Arkadi Kuhlmann, CEO of ING Direct USA, is one of my favorite business leaders and innovators. Polly LaBarre and I wrote about him extensively in Mavericks at Work, and I’ve stayed in touch with him in the years since. He is the face of business at its best: pro-customer, anti-establishment, willing (even eager) try try new ideas and shake things up.

So it was with great delight that I read this interview with Arkadi in Sunday’s New York Times. This being election season, the Times was  fascinated by the fact that, ten years into his tenure at ING Direct, he is putting his leadership up to a secret-ballot vote by his employees. It’s not just yeah or nay on Arkadi. The bigger question, he says, is “Do you have faith in the mission? Do you have faith in the company? Do you have faith in me?”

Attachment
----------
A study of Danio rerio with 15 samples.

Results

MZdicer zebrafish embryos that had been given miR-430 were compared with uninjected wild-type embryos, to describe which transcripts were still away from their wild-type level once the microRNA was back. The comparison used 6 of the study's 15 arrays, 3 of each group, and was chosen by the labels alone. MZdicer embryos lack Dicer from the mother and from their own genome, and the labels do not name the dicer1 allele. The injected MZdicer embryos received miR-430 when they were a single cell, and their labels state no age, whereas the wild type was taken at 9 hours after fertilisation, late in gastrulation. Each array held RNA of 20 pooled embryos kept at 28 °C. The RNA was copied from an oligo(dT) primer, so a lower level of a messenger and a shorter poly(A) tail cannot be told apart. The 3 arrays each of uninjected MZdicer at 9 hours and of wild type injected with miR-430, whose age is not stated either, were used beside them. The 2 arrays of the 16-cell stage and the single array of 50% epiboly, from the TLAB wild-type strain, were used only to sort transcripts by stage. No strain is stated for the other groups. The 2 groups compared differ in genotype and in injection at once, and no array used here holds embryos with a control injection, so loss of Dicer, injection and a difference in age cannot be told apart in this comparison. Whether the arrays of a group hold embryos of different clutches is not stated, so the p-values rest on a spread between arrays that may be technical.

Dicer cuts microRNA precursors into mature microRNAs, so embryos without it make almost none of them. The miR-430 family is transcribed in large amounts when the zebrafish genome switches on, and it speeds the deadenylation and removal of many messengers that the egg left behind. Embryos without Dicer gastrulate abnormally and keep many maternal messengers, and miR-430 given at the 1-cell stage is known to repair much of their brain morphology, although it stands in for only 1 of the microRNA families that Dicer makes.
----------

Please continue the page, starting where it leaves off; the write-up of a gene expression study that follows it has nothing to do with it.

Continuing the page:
But the rest of the interview, which I urge all of you to read in its entirety, was even more fascinating than this election idea. The Times asked Arkadi about his philosophy of leadership. “It’s never about you,” he said.” It’s always about the mission. And people will follow you if you’re prepared to get a mission done, something with a goal that is a little beyond the reach of all of us. That’s what leadership is about.”

What does he look for in people who join him on the mission? “The first thing I [ask them] is, ‘Tell me about all your setbacks. Hve you been fired, divorced, or does your dad not think you add up to much?’…You can’t be a rebel if you don’t have something to prove. You can’t be an outlier unless you want to actually turn the tables upside down. And you’ve got to mean it.”

I know Arkadi. He means it. And he’s got my vote! I urge you to read the interview.